A loyal reader wrote a comment on a recent post about the abundance of certain antiquated professions in comic books:
I really enjoy that, because so many comic book characters are fairly old (in our world, not in their own, because, as we discussed, they don't age while the world does), they work in jobs that are declining in significance. For instance, no offense to fighter pilots, but the increase in drones and decrease in enemies with air forces means that job isn't the daredevil prestige job, but Green Lantern, the Thing, and others had it.Aside from the fact that many superheroes still have origins in such jobs, I also find it fascinating that there is still a prevalence of jobs declining in significance outside of the superheroes themselves. In reality, the mere existence of superheroes should have significant economic consequences on other jobs. We have discussed some of these here and here. Another important one is the effect of superheroes on law enforcement.
As shown in the Ultimate Spider-Man panels above, superhero teams, especially the government-sponsored Avengers, are putting traditional law enforcement professionals out of work. Another comic that showcases this fact is Greg Rucka and Ed Brubaker's Gotham Central which depicted among other things the Gotham City's Police Department's struggles in maintaining operations under the shadow of the quicker and more efficient Bat-family. One of the negative externalities of having this network of avengers patrolling Gotham City is that demand for traditional police would likely go down. This is an aspect of superheroes not typically observed in comics.
I think Bendis really hits the nail on the head here. It's a supply and demand issue.
Now, the way it should work is as follows: the Avengers should use their comparative advantage in other-worldly matters to deal primarily with metahuman or extraterrestrial incidents, or just crime on a much larger scale. Local law enforcement, given their manpower, experience, and intimate knowledge of the neighborhoods they patrol, should deal with the smaller crimes. So while police would work cases involving robbery, arson, murders, etc., the Avengers would be free to focus all their energy fighting guys like Norman Osborn and Galactus. This is theoretically the best use of each organization's comparative advantage, which would allow them to perform their respective services at a lower opportunity cost.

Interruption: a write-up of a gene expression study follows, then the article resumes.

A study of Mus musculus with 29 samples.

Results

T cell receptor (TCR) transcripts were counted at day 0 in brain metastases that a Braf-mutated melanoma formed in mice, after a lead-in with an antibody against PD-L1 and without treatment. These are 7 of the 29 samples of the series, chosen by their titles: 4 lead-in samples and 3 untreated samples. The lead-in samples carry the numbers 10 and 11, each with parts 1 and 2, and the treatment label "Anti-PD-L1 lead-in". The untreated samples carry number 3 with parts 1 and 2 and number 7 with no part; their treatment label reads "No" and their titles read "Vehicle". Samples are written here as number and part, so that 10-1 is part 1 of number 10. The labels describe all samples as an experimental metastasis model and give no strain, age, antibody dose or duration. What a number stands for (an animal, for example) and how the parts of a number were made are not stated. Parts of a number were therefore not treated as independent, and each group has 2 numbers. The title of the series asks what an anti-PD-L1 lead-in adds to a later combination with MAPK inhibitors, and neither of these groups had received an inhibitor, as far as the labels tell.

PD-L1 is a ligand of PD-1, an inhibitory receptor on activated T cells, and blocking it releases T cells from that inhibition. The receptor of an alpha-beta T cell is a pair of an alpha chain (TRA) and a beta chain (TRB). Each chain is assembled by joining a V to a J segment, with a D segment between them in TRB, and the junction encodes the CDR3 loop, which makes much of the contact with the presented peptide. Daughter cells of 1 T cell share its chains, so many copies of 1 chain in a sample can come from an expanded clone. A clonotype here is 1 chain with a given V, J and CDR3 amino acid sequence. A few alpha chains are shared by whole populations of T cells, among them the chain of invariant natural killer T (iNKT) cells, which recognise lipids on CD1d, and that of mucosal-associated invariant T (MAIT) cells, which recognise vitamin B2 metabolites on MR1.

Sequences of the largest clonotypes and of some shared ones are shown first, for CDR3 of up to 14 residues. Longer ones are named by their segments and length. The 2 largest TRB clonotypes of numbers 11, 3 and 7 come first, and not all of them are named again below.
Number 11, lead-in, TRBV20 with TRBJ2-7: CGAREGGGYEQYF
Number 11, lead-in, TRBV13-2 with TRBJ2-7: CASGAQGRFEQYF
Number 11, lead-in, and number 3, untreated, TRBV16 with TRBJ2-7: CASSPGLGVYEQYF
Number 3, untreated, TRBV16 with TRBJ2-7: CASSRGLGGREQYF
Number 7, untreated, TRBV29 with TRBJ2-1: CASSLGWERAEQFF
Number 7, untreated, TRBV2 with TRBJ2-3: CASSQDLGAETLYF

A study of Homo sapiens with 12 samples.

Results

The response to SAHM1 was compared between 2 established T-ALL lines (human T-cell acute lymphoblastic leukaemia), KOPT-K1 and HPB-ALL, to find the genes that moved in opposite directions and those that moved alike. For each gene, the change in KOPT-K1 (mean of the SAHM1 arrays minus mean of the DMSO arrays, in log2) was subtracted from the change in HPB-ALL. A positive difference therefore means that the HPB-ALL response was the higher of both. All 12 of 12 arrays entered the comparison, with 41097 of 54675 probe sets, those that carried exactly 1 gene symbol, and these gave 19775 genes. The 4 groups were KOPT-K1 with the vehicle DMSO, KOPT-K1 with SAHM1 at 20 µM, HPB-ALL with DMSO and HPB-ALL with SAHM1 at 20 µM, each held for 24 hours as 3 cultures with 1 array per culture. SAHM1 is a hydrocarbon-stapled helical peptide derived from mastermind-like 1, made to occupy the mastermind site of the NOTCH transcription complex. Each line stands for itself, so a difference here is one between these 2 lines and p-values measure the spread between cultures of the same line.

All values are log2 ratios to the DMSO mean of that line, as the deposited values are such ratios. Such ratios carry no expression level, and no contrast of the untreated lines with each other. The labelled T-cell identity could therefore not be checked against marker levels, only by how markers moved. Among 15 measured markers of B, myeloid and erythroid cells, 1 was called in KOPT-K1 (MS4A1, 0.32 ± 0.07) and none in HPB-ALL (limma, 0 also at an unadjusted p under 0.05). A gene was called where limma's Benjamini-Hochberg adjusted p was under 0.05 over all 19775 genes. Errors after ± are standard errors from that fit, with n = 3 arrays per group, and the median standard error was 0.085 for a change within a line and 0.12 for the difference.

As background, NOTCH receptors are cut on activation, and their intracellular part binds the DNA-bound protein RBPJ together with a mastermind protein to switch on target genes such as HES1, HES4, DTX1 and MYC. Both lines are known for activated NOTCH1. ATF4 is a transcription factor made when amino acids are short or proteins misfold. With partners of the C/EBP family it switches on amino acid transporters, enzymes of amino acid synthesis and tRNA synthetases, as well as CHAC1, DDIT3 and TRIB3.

Of course we know that this isn't exactly how it works. The Avengers actually don't always have a giant, world-ending crisis on their hands (though it seems that way). When they're not gathered in the Tower, um, avenging things, they patrol their own respective cities and deal with crimes of a more mundane nature. Spider-Man, for instance, splits his time fighting morphing aliens trying to take over the planet and beating up ordinary crooks on the street (and hanging out with Aunt May and Mary Jane and Kitty Pride and taking photographs and...damn how does he have time to do anything?). If Spidey saw a mugger on the street, do you think he'd stop and call the police? He would obviously do something about it. After all, great power comes great responsibility.
The problem for the local police is that these Avengers do an extraordinary job with all sorts of crimes. Even a better job than local police. In fact, the superheroes seem to overshadow law enforcement in every respect. They have more technology, more powers, more smarts, and seemingly the time to handle everything! On top of this, we've seen the population of superheroes increase over the past decade or so. Generally, this had had two consequences:
1) A steady (or maybe even increasing number) of supervillains and
2) A decrease in run-of-the-mill criminals.
Supply of criminals goes down. Demand for police goes down. Funding for police goes down.
In the panels above, the officers are complaining that their money is going towards the Avengers. We know in the Marvel Universe, the federal government levies taxes to fund the extremely sophisticated operations of both SHIELD and the Avengers. I'm not exactly sure how it works with state governments, but I'm pretty sure states pay their fair share too, especially in cases where an Avengers is known to frequently police their territories (i.e. Spider-Man in New York, Iron Man in California, etc.).
So, let me poll you guys. Say you're an ordinary taxpayer in New York City and your government is trying to balance its budget. You see the city is plagued constantly by supervillainy, but less so by average criminals. Would you want your dollars to go towards the Avengers (who also are more efficient at dealing with these regular criminals) or the NYPD?